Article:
On July 30th, eight high school students and four teachers from the United States traveled to Tokyo to participate in the third annual TOMODACHI Toshiba Science and Leadership Academy. The goal of our trip was to work with Japanese students and teachers on two science and engineering projects that I will also be implementing in my classroom this year. The first project was to build a marble elevator using the engineering and design process and the second project was to use science and technology ideas to improve a real-life community by making it smarter and more disaster-resilient. At the closing ceremonies each group presented their suggestions for one of the following communities: Jakarta, Beijing, Lesbos, or Kuchineorabu-jima.
To help research the community design, our group visited the Toshiba Science Museum to learn more about smart community design and the Tokyo Skytree tower where we learned about earthquake resistant architecture. Taichi Furuhashi from Crisis Mappers Japan brought his drone and spoke with our group about disaster mapping. Students also had the chance to practice 3D mapping by collecting data about the building around the center where we were staying and updating online maps. We also visited the Life Safety Learning Center, a hands-on disaster readiness and prevention facility.
The Tomodachi Initiative was born out of support for Japan’s recovery from the Great East Japan Earthquake of 2011 and walking around Tokyo made it very clear how disaster conscious the city and Japanese people are in the wake of the earthquake. On the sides of construction sites in Harajuku I saw signs in Japanese and English reading “Are you sure and safe? Don’t let earthquakes turn over, knock down, or move the furniture” and markers in subway entrances told you how many meters above sea level you are so you can find higher ground in the event of a tidal wave. Nowhere was this focus on disaster prevention more evident than in the Life Safety Learning Center.
In the center we practiced putting out a fire on a screen using water-filled extinguishers and escaped from a series smoke-filled rooms by staying low to the ground. We also experienced typhoon force winds in a simulator. Unfortunately due to a drought were were not able to don the waterproof boots and jackets and experience the “rain” along with the wind. Just before leaving we took turns experiencing what it feels like to be in a magnitude 7 earthquake on the center’s earthquake simulator, complete with falling foam furniture.
We also watched an informational cartoon about three Japanese children discussing how the next big earthquake could occur at any time. Then, the children magically travel back in time to visit three different earthquake events, one being the Great East Japan Earthquake. With each visit the children learn valuable lessons about being prepared and cooperation during a disaster. The video ends with the children back in their classrooms presenting to their classmates about the importance of being prepared when an earthquake strikes. This is foreshadowed by the students discussing in a previous scene about how the next big earthquake could occur at any time.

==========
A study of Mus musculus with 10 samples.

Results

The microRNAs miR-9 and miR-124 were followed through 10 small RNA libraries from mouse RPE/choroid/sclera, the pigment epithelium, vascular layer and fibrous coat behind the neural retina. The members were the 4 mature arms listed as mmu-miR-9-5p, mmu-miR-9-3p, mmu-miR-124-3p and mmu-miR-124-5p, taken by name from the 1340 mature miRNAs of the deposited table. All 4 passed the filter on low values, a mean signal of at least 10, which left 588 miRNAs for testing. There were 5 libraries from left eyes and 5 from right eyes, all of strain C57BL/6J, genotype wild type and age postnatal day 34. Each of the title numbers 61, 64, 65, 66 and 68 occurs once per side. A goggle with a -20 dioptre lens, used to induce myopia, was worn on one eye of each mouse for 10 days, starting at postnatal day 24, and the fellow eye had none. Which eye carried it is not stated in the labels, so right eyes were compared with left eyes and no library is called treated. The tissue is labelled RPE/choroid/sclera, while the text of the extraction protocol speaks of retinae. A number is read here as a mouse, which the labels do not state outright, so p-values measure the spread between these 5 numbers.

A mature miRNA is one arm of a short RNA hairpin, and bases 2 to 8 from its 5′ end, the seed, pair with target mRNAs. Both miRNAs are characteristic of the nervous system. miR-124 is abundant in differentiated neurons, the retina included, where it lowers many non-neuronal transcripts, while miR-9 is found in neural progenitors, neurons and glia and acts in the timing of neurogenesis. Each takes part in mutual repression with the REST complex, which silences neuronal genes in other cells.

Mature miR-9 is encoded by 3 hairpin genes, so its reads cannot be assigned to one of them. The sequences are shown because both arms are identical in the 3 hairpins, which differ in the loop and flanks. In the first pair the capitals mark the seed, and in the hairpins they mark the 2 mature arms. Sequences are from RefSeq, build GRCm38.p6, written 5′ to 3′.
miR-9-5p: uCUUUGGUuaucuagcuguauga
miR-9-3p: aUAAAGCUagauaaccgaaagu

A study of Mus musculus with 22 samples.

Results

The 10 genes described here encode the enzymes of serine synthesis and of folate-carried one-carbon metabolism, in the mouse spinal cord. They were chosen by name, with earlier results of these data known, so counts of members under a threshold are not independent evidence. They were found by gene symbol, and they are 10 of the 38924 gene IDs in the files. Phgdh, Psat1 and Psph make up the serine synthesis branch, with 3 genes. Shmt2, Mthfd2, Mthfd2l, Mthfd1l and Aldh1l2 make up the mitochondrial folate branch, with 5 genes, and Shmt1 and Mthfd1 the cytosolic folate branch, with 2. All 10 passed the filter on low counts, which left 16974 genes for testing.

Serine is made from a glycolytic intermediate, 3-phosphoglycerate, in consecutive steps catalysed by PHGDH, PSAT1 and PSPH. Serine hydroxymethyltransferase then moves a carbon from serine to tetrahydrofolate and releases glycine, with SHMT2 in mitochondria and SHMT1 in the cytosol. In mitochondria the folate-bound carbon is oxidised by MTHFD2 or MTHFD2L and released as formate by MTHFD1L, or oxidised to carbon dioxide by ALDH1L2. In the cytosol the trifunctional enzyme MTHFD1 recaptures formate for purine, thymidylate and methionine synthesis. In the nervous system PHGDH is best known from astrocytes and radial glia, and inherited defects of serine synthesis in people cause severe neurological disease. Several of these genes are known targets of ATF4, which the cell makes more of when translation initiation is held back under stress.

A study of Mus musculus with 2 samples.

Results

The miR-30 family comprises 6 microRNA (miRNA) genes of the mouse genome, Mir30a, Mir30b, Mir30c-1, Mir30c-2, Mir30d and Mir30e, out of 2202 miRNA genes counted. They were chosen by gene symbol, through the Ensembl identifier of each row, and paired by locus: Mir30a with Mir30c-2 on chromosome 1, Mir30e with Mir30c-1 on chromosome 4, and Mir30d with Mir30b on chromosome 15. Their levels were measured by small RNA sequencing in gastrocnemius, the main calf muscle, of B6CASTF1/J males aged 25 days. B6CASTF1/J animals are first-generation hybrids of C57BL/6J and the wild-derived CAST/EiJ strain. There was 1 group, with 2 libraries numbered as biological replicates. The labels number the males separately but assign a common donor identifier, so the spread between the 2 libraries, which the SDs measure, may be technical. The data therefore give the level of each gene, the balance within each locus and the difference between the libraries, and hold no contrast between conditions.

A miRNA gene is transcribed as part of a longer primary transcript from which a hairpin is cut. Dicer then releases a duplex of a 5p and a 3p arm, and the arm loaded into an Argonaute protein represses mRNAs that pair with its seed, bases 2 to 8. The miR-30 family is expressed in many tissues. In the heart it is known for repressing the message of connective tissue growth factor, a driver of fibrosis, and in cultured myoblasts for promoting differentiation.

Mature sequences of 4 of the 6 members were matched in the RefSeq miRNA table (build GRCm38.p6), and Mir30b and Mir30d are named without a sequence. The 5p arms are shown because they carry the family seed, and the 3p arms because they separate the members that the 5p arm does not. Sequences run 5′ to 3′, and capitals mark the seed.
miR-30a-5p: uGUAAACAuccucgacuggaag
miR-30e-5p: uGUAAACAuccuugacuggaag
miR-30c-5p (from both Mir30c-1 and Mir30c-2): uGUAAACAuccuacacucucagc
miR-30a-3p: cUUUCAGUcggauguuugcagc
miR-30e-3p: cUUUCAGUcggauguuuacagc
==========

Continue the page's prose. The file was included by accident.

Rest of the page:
I was shocked by how disaster conscious the Japanese culture was. In Chicago we have our students complete a tornado drill every school year, but I could never imagine a disaster learning center in the city nor signs on buildings reminding residents to be prepared for flooding even though it is becoming more and more common in the city. In general, I think in our country we have a tendency to shelter our students and children from the existence of natural disasters rather than prepare them for their inevitable occurrence.
Over the past year our country has been ravaged by massive flooding, record-setting blizzards, and drought-fueled fires, and unfortunately events like these will become more common as the affects of climate change continue to unfold. As science educators, we are in the unique position to discuss these events with our students and challenge them to design new ways to raise awareness and protect against natural disasters.
Inspired by my trip, this year I will be challenging my senior-level environmental science students with the same community redesign challenge that the students completed as part of the Tomodachi Toshiba Science and Leadership Academy. We need to provide our students with more opportunities to solve real-life problems that affect individuals from a local to global level. Not only do these opportunities hook and engage students in the science and engineering practices, but they also open students up to future college and career pathways that they might not have been exposed to otherwise.
NSTA guest blogger Michael Kosko is the Science Chair and Career and Technical Education (CTE) Coordinator at Al Raby School for Community and Environment in Chicago, IL. Kosko teaches environmental science and a STEM design course and runs the school’s hydroponic grow lab and new makerspace. Follow him on Twitter @MrKosko.
For more photos from this year’s TOMODACHI Toshiba Science & Technology Leadership Academy please click here.